What is that sexy beast, you might ask? I don’t know what you mean, I’m not in the photo. That sizable chunk of machinery dead center is a water heater which includes a rechargeable battery powered pump. Basically I stick one hose into a water container, then the other goes to a shower head.
There’s also a secondary heating loop that brings the water up from a temperature comfortable for showering, all the way to boiling. It comes out of this little spout in the side, so you can prepare dehydrated camping foods easily. I still have my pocket stove for boiling water in a pinch, but boy is this more convenient.
There’s the regulator, what the propane canister screws into. You can also see the various power inputs and outputs. One outputs 12v DC to the submersible pump that draws water up into this thing. The other two are inputs for 12v DC car power, and 110v AC wall outlet power, respectively. It can use either.
What’s this little plastic door in the side of the trunk? What could be in there? This car has all sorts of weird little secret compartments for some reason. I guess just because it would otherwise be wasted space.
Oh look, a propane cylinder of the exact type that fits the regulator! What an amazing coincidence. Truly a Yuletide miracle from Kramdar, or else it was left by the propane fairy. If you’ll recall this little cubby is where I used to store my pocket stove, folding pot and isopro canisters. Those go inside the tupperware camping supplies container now.
There it is screwed into the regulator. Just like my car, this thing needs both fuel and electricity. It’s hooked up to the 12v DC socket between the rear seats so the charge will be topped up whenever I drive anywhere.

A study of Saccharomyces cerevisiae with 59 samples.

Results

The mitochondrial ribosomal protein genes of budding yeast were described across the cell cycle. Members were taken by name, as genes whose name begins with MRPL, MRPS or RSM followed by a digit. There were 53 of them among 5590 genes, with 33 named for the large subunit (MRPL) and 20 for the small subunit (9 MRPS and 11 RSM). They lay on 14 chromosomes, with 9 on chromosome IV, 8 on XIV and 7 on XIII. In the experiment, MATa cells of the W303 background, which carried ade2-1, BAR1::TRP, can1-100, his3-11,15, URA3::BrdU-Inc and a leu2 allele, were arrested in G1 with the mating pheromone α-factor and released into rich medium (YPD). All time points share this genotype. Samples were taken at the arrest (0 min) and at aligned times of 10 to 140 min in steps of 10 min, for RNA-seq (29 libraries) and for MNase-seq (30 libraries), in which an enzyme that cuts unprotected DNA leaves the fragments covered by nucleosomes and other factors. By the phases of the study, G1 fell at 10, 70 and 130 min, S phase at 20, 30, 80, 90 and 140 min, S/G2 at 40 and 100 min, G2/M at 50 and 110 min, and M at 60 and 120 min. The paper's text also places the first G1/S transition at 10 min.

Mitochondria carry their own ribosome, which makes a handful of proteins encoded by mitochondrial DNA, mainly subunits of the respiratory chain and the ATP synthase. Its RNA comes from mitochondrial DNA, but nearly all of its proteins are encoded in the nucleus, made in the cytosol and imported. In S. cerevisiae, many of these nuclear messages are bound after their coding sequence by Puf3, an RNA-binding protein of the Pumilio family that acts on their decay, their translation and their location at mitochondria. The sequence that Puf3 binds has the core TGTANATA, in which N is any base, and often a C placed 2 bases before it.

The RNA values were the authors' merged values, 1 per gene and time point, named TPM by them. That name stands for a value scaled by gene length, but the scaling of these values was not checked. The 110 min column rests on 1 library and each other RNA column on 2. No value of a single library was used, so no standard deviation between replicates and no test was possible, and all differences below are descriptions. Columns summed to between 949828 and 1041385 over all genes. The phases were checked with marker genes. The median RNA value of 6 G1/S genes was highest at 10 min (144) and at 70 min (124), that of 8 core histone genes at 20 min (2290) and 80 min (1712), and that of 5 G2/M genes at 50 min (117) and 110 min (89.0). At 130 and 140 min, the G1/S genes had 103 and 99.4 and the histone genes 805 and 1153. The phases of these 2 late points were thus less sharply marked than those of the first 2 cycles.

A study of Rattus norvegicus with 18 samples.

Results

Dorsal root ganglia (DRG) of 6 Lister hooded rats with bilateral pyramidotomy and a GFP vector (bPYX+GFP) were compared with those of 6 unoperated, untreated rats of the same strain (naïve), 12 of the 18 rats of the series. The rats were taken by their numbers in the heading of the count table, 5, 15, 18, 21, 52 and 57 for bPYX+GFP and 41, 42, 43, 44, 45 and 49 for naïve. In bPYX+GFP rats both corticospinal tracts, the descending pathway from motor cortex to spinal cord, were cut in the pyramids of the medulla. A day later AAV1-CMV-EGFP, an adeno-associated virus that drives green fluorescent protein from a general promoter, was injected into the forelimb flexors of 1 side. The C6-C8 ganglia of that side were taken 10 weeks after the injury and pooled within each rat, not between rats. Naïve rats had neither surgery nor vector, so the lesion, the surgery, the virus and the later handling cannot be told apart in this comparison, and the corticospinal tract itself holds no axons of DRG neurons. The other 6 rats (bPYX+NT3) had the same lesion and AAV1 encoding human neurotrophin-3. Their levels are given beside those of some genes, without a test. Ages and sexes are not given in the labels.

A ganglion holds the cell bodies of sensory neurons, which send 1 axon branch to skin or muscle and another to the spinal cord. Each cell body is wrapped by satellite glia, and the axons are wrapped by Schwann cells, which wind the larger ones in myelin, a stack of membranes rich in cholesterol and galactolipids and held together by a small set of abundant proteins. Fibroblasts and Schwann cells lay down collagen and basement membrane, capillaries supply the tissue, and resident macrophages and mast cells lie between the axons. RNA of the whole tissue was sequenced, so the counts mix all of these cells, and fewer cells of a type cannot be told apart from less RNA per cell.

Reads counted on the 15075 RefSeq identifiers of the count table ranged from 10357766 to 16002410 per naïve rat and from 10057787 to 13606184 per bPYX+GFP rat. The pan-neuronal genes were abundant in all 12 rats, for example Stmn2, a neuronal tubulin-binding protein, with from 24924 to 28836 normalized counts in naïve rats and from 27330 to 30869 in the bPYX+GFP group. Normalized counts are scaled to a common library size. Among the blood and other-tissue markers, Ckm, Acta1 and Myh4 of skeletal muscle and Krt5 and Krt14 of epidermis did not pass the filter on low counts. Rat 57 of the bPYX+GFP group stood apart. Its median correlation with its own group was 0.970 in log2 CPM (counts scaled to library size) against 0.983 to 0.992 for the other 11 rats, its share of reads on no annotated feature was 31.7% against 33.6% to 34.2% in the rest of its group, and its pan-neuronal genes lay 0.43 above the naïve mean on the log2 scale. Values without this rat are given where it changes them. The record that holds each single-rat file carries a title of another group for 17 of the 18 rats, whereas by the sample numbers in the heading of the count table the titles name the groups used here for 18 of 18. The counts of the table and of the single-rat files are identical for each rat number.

There’s another little hidden cubby on the opposite side of the trunk btw, so I’ve got another propane canister stashed in there. You can see the hoses for drawing and dispensing water in the upper left.
Here’s the instrument panel, powered on. Not much of a battery indicator, with only three bars. Still it’s big, bright and colorful. Very easy to read. If the instruction booklet can be believed, all you need to do in order to get hot water is turn the unit on (with a propane canister installed), stick the pump end into some water, turn the dial up a bit to light the burner, then press the pump on/off button to start the pump.
I’ll be showing off this process in a later article where I test the unit out, to make sure everything’s in good working order. If not, I can take it someplace to get serviced, and I wound up spending $250 for it instead of the $350 I expected. There was an automatic discount coupon for the holidays, plus a series of recent price cuts working in my favor.
That’s all for this time! Look forward to the next installment when I put this bad boy through its paces!